A Michigan man who admitted to killing his wife after convincing himself that she was a hidden CIA operative will not serve any time in a traditional prison due to the nature of his plea.
Troy Burke, 45, appeared in court this week to enter a not guilty plea to homicide charges following the death of his wife Jessica in January of last year.
Burke did not deny shooting Jessica Burke, who was just 29, and causing her death in their Elwell, Mich. home. Instead, he told the judge he was legally insane at the time of the act. Gratiot County Prosecutor Keith Kushion and Judge Shannon Schlegel had both made it clear they approved of the insanity plea, according to court records.
Police discovered the victim after Burke informed a neighbor he had shot and killed his wife. However, what seemed like a straightforward case soon proved to be anything but when Burke started to share why he did it.
Kushion would later share some of the things that Burke said in the days after the murder.
“He said that other people could read his thoughts,” noted Kushion at one point, explaining that Burke believed a device implanted in his head at the hospital gave people access to what he was thinking at all times.
Even more alarming were the things he shared about his wife.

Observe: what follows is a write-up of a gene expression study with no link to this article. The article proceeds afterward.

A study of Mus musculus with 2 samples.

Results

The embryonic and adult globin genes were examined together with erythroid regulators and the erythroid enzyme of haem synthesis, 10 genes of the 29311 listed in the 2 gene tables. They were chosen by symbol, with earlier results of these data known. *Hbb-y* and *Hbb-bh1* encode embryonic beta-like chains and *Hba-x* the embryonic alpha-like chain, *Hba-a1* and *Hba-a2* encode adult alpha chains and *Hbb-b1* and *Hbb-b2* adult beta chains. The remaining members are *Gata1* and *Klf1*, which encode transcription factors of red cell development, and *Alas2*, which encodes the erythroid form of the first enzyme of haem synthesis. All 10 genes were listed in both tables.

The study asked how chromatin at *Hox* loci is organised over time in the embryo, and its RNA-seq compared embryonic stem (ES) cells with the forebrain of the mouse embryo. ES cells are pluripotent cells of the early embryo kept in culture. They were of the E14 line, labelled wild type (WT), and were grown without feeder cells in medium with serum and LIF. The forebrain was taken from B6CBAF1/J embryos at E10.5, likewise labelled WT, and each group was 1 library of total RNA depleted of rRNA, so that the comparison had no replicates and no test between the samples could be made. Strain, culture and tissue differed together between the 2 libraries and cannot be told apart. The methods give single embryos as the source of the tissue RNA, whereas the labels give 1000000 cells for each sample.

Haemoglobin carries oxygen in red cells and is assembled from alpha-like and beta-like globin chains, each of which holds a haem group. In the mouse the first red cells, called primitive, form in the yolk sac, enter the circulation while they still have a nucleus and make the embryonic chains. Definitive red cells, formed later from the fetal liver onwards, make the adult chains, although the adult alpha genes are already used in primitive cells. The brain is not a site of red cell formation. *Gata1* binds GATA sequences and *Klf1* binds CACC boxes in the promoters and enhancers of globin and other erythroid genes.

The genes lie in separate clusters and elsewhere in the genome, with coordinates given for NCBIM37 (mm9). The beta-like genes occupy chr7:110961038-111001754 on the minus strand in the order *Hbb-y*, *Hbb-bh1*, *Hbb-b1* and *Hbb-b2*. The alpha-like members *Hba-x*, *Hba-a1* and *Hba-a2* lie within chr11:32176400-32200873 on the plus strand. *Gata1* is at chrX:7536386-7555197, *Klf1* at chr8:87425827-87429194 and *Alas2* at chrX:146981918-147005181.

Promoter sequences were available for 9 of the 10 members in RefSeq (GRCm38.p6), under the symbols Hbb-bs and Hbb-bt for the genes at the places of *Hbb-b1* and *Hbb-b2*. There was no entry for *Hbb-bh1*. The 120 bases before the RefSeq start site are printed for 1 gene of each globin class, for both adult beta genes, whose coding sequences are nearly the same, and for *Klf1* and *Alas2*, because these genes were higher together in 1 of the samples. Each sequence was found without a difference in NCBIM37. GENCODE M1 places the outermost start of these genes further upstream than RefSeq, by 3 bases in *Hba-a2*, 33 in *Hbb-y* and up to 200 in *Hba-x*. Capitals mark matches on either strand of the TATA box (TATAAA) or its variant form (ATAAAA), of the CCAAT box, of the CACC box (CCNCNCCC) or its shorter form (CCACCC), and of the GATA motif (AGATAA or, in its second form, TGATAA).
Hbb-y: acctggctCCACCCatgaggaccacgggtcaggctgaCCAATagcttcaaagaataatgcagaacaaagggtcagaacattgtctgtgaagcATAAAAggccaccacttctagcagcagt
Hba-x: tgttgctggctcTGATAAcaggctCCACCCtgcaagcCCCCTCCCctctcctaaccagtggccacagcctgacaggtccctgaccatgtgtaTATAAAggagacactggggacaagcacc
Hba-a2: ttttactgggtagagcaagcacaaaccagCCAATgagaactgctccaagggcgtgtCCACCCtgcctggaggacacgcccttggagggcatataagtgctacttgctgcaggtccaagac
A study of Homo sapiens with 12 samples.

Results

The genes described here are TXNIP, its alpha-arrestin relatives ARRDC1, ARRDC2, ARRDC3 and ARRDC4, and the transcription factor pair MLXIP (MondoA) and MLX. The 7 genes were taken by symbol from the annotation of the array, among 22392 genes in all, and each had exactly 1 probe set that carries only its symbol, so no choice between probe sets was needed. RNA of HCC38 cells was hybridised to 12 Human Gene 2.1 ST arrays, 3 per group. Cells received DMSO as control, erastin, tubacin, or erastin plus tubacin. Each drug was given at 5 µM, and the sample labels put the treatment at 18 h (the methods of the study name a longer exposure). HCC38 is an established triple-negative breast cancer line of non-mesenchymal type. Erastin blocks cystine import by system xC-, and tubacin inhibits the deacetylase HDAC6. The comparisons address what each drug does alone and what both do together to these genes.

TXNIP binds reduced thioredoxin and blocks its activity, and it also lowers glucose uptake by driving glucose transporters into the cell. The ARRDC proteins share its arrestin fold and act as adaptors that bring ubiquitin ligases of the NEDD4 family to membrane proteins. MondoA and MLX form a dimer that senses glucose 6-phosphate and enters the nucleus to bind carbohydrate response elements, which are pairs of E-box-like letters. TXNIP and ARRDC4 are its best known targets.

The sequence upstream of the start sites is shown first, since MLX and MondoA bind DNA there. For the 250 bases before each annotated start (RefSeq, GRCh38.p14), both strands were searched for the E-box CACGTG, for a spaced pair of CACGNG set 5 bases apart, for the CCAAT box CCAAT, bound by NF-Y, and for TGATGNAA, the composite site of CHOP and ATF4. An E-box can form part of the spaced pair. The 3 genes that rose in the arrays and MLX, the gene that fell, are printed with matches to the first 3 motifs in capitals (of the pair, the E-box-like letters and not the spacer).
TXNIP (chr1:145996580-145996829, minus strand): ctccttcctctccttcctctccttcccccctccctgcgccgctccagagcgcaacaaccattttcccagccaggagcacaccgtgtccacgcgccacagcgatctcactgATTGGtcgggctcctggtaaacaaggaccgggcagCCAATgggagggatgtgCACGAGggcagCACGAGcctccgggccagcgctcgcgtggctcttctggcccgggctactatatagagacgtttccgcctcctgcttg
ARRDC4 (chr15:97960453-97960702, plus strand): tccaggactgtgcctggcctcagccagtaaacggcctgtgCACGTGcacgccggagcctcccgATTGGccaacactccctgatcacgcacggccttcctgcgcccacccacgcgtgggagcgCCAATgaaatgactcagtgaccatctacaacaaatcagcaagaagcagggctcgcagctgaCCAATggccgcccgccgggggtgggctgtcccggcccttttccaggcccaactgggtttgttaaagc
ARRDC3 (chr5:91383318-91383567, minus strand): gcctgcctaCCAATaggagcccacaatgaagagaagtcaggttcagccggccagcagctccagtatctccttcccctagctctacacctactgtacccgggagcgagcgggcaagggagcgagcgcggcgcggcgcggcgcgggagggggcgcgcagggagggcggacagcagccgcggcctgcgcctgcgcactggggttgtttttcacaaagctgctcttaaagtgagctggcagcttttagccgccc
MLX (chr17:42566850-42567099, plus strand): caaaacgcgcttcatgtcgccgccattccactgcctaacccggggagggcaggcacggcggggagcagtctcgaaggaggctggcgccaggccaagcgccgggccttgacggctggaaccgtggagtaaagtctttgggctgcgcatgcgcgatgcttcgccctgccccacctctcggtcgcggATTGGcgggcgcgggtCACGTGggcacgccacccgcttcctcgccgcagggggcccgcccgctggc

In addition to identifying her as a CIA agent, the defendant “also said that Joe Biden had twins, a daughter, and a son and that the son had a sex change and that’s who his wife was,” Kushion said.
Both prosecutors and defense attorneys indicated that the Qanon community may have been feeding Burke the information about Biden.
“He could tell me why he was in jail. He could tell what my job was, the judge’s job, the prosecutor’s job. He’s an articulate and intelligent man,” Burke’s lawyer, Sarah Huyser, explained earlier this week in an interview with Flint, Mich. ABC affiliate WJRT.
The defense attorney suggested that her client firmly believed the false narrative inside his own head.
“They may sound illogical to us,” Huyser pointed out. “But imagine being in the mindset where all of that is very real and very scary.”
The defense attorney said she believes the insanity plea was the best course of action and is eager for Burke to get the help he needs to overcome his mental issues. She said that the process starts this weekend when her client begins a 60-day stay at the Michigan Center for Forensic Psychiatry. After that, the court will decide if Burke must spend the rest of his life in an institution or if he can assimilate back into society, according to court documents.
“A lot of is going to depend on where those delusions are and where that mental illness is,” said Huyser.
Burke is now spending what could be his last night behind bars at the county jail, a little over one year after taking Jessica’s life. However, experts seem to agree about his mental state. Two psychiatric evaluations found him “not criminally responsible at the time of the murder,” according to court records.
Under Michigan law, insanity is an affirmative defense. Most states make insanity defenses part of an actual trial.